17 Tips for Graceful Sales Conversations
To start, here are 5 guidelines for graceful sales conversations:
1) Check your energy. Before you have a sales conversation, are you experiencing positive emotions? If you feel like you're in a funk, if you feel tired or annoyed or anything like that, postpone the conversation or do whatever you can to get to a better place (mentally, emotionally, physically) before the conversation. Even in emails and other text forms of communication, your energy can be felt by the other person. If they feel the negativity, they'll want to run away from you.
2) Ask permission to coach someone. If they're not paying you to be their coach yet, ask permission to coach them. I sometimes forget this if I'm being honest.
3) Speaking of honesty, speak your mind. But if you think speaking your mind may offend them or put them on edge, it's helpful to ask, "May I share with you what I think is going on?" or something like that. Don't ask "May I be honest?" and then say something that is more than anything, an opinion or view of yours based on your belief system.
4) Offer to assist the clients in budgeting for your offer or finding the means to pay for it, by saying something like, "If you would find it helpful, I would be happy to discuss ways to make this investment."
5) Don't use the sentence, "You have to invest in coaches and other resources or you won't get anywhere," or any variation. Although I believe in the value of investing in myself, it's even a little gross to me when people repeat it during live stream videos and in other formats that address an audience larger than one. But it's most certainly a no-no in one-on-one communications in my book.
Here are the 6 reasons why you should never use that sentence ("You have to invest in coaches and other resources or you won't get anywhere”) in your sales conversations:
6) If they don't believe that, they're probably not your people, so you tellin' 'em is just not moving this along.
7) You've just hurt their feelings or made them angry. The person hearing or reading those words from you will feel like you've insulted them. You've just sentenced them to failure instead of showing them how they could succeed with your program or service.
8) It makes you look desperate. These are the words of a pusher. You're pushing, trying to get them to buy, and for what? If they weren't so convinced they wanted this that they said all other things and people be damned, do you really want them in it? If you're flush, making the kind of money you want to make, even if you just really liked this person and thought they'd benefit from this thing you're offering, telling them this makes it sound like you need this sale bad.
9) It feels like you've just said, "You'll only succeed if you work with me this way" and "All other work you've done has been for naught." When you say something like this, you assume you know this person has said no to every other investment opportunity that's come their way. You're ignoring all the books they've read, all the programs they've bought before, all the coaches or other service providers they've worked with.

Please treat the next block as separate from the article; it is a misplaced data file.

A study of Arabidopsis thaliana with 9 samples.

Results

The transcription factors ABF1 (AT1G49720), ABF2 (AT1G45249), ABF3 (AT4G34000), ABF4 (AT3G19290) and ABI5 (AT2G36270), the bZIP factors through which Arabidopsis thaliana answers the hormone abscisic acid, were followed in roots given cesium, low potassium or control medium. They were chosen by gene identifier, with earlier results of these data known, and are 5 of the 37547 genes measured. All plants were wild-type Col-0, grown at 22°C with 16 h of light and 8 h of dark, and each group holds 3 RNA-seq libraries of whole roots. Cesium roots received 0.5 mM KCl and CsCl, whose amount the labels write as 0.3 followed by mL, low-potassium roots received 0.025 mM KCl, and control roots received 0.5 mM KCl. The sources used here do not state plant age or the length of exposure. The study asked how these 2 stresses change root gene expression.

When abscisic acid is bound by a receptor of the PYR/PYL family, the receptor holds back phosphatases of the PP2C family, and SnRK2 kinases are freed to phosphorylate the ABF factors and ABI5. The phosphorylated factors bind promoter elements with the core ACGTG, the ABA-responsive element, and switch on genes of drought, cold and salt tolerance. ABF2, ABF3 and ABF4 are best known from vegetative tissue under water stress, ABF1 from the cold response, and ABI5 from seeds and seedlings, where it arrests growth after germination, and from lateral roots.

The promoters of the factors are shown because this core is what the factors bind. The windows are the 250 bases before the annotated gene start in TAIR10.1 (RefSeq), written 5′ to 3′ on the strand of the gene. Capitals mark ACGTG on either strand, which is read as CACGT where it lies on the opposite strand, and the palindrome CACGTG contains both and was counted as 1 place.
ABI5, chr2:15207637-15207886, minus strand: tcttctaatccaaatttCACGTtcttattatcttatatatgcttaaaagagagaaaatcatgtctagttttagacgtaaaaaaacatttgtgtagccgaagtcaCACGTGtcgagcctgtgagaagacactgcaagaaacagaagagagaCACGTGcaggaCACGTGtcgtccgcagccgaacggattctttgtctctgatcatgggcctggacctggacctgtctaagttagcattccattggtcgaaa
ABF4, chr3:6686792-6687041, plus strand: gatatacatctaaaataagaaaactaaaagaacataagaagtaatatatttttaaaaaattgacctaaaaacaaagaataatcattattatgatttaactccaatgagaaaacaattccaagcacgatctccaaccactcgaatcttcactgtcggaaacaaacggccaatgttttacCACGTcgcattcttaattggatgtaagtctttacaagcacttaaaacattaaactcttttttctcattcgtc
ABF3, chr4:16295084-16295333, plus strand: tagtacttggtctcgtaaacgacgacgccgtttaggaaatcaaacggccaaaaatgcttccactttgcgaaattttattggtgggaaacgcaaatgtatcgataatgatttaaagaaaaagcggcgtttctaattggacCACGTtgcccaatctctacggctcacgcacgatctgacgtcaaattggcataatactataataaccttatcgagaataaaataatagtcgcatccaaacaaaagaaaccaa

10) If you're using words like this, I'm taking it as a sign you've bought into whatever money story they told you. You let them sell you on their own powerlessness or lack, and you think you're saving them by telling them this. Wrong.
11) It ignores where they're at. Sure, they might not have everything they desire in their business, their life, their relationships, or whatever area your solution is intended to improve, but they may also be really proud of how far they've come and when you belittle their progress, you belittle them. Don't alienate people by using this phrase. I heard this from someone whose group program I decided not to join and it felt really icky to read those words.
Here are 4 next steps you can take when someone tells you no:
12) Ask them if there was anything you could add to make it a no-brainer to say yes and spend the money. Maybe you can add a very simple feature or bonus that makes it so ridiculously valuable to the prospective buyer that the next ten conversations you have all end in a quick, passionate "YES!"
13) Ask if there was anything about your copy and/or discussion(s) of the solution that made them decide to say no. Maybe there's language you can adjust to make it a really easy YES for the next person.
14) Thank them for their time and for considering your solution, and say, "I look forward to working with you when the time is right! I trust there will come a time when my work will have its greatest impact on your life." Something like this is so graceful that it really makes your prospect appreciate you. I don't know about you, but I aspire to gracefulness, especially in sales conversations.
15) Politely let them know that if they change their mind (before X date) it'll still be available. (Particularly for group programs and courses, etc.)
Here are 2 more things I suggest you NOT do in your sales conversations:
16) Tell them "I wish you luck." That's code for "F&C% you." Don't go there.
17) Badger them. The person who wrote to me "You have to invest in coaches and other resources or you'll go nowhere," responded "What do you think?" when I sent a simple "Thank you." They couldn't see I was trying to end the conversation. Sometimes we make the mistake of continuing to "go at" someone because we think we're being helpful. Realize that people have a "Power Down" button and will totally shut off if you push too hard.
What tips do you have (whether learned while selling your own stuff or while being sold something by someone else) to make sales conversations more graceful? Reply and let me know!